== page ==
5 Unforgettable Experiences on Day of the Dead in Guatemala
From flying giant kites to eating enormous salads, Day of the Dead in Guatemala is a colourful affair. Here are five unforgettable experiences during Día de los Muertos in Guatemala.
1) Explore a Kite Festival: Guatemalans believe the barrier between the realms of the living and the dead is at its most porous on Day of the Dead (Día de los Muertos) and the All Saints Day (Día de los Santos), so it’s an auspicious time to communicate with family ancestors by attaching messages to barriletes (kites) and letting the wind carry the messages up to the heavens. The best places to see these ceremonial kites are the barriletes fiestas held on November 1st in the central highlands near Santiago Sacatepéquez and Sumpango.
2) Eat a Special Breakfast: Day of the Dead isn’t just a spiritual tradition for barrileteros, it’s also an opportunity for Guatemalans to eat special foods. A breakfast favourite is Dulce de ayote. Made of chilacayote, a long-necked squash chopped into pieces with the skin, pulp and seeds intact, it’s steamed in rapadura, pure sugar cane juice and generously spiced with cloves and cinnamon. Lime leaves and orange peel keeps it from becoming too sweet while molasses gives it a rich mahogany colour.
3) Sample Fiambre: The time, cost and effort of preparing the more than 100 ingredients that go into fiambre elevates this cold meat and vegetable salad to an exalted position in Guatemalan culture. Just mentioning fiambre is enough to make a grown man swoon with desire.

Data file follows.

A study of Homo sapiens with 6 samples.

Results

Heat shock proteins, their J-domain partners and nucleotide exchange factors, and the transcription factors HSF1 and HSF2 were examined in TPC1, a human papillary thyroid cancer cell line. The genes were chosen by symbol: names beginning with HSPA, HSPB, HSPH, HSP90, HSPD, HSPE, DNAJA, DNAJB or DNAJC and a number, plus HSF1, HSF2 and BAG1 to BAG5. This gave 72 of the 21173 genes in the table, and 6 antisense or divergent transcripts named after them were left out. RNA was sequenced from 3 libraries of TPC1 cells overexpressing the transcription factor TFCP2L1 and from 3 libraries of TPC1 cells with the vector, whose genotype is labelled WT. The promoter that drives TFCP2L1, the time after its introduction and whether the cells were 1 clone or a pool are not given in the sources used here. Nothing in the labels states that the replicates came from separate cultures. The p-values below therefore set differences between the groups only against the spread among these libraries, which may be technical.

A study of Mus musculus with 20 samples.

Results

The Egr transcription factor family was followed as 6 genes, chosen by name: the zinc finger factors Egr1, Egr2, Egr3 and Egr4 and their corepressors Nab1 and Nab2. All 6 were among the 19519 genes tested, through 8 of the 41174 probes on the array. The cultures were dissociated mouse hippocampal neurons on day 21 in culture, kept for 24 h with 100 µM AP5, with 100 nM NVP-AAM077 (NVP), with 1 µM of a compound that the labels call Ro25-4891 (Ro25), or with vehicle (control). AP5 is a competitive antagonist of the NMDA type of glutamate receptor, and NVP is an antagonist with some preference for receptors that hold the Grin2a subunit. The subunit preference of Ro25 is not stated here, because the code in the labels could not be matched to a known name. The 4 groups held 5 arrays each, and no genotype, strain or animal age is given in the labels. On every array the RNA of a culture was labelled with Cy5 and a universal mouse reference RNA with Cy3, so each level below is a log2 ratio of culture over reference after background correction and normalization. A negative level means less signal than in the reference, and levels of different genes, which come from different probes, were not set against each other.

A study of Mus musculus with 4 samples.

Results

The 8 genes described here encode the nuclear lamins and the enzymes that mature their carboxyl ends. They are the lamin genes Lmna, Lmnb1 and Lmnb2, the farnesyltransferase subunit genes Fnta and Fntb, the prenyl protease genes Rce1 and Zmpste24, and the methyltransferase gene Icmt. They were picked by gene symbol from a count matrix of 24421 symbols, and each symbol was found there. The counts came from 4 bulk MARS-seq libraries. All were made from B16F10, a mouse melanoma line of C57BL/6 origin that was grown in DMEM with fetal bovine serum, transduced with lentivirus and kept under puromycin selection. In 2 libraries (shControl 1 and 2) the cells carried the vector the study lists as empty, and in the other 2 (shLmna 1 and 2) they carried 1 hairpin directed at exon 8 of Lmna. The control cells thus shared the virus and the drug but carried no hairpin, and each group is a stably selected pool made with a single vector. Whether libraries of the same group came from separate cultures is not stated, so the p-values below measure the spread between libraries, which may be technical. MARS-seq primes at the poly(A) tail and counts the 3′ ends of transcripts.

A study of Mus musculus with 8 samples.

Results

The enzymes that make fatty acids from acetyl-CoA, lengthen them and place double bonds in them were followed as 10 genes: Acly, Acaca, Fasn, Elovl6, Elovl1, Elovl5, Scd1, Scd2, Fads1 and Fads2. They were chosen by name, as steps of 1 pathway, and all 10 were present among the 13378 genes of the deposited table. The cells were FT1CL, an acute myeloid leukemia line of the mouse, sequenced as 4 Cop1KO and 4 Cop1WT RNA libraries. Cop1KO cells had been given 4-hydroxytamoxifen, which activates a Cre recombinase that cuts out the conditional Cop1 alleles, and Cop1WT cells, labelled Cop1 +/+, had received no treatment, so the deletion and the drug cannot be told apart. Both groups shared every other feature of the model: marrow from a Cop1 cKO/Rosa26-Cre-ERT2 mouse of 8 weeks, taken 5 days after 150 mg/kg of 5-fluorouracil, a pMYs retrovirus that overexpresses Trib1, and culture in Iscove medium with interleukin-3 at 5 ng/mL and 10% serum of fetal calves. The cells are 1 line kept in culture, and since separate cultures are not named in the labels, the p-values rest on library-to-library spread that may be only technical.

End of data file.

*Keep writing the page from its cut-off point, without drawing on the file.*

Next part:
|Score an invitation to someone’s home or go to Lo-Mix in Antigua for fiambre|
4) Join the Party: Eat street food, drink venado white rum, fly a small kite of your own to communicate with your ancestors or join a street procession.
|Conquistadores in Barcenas, Guatemala|
5) Visit a Cemetery: A week before Day of the Dead, family tombs are scrubbed, cleaned and repainted — often a beautiful bright blue. On Day of the Dead, families make paper garlands and purchase wreaths of white and red chrysanthemums to place on the tombs of departed family members. They spend the day at the graveyard and processions, prayers, special masses and of course food are all part of the tradition.
Most of my Day of the Dead festivities revolve around food, but this year I’m making Platanos en Mole ( plantain in a rich chocolate/spice sauce) a dish usually served during Holy Week because I’m testing recipes for my upcoming book. So I’m hoping to score some fiambre from a generous friend!